A Way of Life
The overriding feature about Bali is the total integration between religion and everyday life. While it is wonderful to see the dances and the arts, the
handicrafts and the ceremonial processions, it’s necessary to understand that all is integrated with the spiritual, which permeates all of life.
The charming offerings on the dashboards of cars, the flowers in the hair of men and women, and the offerings by all the shops are more than something for decoration. They are all symbols of belief in one of the world’s most unique religions, and one which is a living expression of people’s beliefs and lives.
In a conscious effort to safeguard their traditional culture, the Balinese (who are out-numbered annually by visitors) concentrate tourism in enclaves of lavish resort hotels situated amid manicured lawns, leaving much of the island remote and unspoiled.
The Other Side
For the tourist, Bali is rich in wonders to see, and limitless as to beauty and the glory of nature. From the rice terraces of Tabanan to the beaches to the Temples to the art galleries of Ubud, the visitor will never want to leave.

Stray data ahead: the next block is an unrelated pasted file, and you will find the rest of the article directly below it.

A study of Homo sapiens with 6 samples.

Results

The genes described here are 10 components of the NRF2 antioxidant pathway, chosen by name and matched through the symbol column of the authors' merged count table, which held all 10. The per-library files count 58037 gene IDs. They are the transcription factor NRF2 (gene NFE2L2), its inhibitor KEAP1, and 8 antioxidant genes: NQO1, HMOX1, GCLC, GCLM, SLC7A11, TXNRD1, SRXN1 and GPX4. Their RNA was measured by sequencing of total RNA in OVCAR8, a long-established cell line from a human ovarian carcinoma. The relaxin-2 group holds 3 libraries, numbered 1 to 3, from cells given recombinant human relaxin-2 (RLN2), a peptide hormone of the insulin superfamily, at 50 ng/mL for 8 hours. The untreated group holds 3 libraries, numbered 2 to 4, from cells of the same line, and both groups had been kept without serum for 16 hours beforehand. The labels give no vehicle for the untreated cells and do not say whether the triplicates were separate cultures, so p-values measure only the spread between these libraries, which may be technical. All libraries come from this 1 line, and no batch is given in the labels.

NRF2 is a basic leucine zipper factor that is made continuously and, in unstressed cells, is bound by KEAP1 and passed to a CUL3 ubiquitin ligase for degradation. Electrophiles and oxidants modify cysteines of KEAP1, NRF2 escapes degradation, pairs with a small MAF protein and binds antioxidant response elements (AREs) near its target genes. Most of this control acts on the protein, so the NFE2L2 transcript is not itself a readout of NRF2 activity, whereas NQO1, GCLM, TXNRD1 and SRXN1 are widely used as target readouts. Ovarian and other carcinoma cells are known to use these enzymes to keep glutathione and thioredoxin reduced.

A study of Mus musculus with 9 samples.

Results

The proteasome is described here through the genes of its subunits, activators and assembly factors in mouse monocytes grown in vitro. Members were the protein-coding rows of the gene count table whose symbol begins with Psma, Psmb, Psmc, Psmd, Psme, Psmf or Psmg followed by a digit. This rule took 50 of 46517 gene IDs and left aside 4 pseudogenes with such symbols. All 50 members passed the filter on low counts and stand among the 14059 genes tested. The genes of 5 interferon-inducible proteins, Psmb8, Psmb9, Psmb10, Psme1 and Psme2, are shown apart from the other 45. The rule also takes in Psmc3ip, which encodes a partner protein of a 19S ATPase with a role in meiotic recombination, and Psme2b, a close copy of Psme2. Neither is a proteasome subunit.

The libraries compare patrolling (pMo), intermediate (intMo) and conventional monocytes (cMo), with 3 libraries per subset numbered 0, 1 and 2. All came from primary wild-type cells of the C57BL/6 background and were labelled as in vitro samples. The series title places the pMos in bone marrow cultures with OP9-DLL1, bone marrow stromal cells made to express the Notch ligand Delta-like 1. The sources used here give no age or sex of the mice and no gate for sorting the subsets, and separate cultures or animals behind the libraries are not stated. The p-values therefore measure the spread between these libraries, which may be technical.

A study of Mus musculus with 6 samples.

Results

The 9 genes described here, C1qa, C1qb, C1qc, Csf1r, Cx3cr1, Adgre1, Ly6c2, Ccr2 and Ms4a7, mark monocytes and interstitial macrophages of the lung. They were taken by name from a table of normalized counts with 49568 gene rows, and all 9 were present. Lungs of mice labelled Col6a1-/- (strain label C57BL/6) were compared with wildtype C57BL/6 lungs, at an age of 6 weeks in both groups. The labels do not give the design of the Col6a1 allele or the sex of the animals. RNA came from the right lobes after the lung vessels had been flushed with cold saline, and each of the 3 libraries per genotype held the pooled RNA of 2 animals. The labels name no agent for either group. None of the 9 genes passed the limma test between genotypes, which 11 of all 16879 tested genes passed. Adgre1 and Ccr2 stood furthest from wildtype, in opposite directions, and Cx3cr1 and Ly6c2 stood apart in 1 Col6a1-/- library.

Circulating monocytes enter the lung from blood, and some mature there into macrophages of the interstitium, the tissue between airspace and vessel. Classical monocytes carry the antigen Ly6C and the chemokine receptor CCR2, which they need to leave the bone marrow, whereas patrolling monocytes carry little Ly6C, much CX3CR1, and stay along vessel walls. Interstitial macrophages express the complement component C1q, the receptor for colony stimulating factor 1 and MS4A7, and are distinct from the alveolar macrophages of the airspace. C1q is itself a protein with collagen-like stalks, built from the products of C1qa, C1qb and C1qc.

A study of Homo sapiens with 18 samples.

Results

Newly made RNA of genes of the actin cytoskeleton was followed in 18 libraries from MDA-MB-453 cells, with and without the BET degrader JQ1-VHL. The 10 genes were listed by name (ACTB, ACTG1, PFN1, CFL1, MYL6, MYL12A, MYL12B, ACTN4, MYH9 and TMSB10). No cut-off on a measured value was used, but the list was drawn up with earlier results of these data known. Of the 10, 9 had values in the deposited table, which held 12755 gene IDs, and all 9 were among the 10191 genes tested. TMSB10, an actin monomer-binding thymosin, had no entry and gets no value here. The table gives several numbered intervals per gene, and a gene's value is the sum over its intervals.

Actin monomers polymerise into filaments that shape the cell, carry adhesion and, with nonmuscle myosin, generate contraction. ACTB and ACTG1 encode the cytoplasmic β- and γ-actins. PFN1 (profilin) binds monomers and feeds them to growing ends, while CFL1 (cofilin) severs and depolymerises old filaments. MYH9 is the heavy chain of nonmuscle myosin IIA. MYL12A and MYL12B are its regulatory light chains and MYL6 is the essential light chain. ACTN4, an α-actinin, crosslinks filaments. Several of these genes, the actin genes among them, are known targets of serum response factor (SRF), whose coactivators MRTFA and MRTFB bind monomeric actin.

There are outer islands from which to scuba and snorkel and relax, mountains to climb, and dance and puppet (Wayang Kulit) performances to see. There are tours of the “Real Bali” and visits to the popular Bali. There are restaurants with the finest food and warungs full of rich flavor of local fare.
The only choice is how to spend your time. Boredom is never an option. Neither is lack of luxury and pampering, with spas offering baths in lotus leaves and every type of massage from the traditional Balinese healing massage to the full day of spa treatments.
There is another side to Bali.
When the curtain is drawn back, for most of Bali’s rural population, life is very different from the emotive images portrayed in bright tourist brochures.
Here, in stark contrast, there are no sparkling coral beaches, only hour upon hour of back-breaking toil in the oozing mud of the rice terraces, interspersed regularly with colorful, complex rituals overseen by priests to ensure the gods look favorably on the people and the endless cycle of labor.
These rituals, and the offerings which always accompany them, take hours of labor, mostly on the part of the women. Even in heavily visited areas, there remain many families who see little of the economic bene-fits tourism supposedly brings.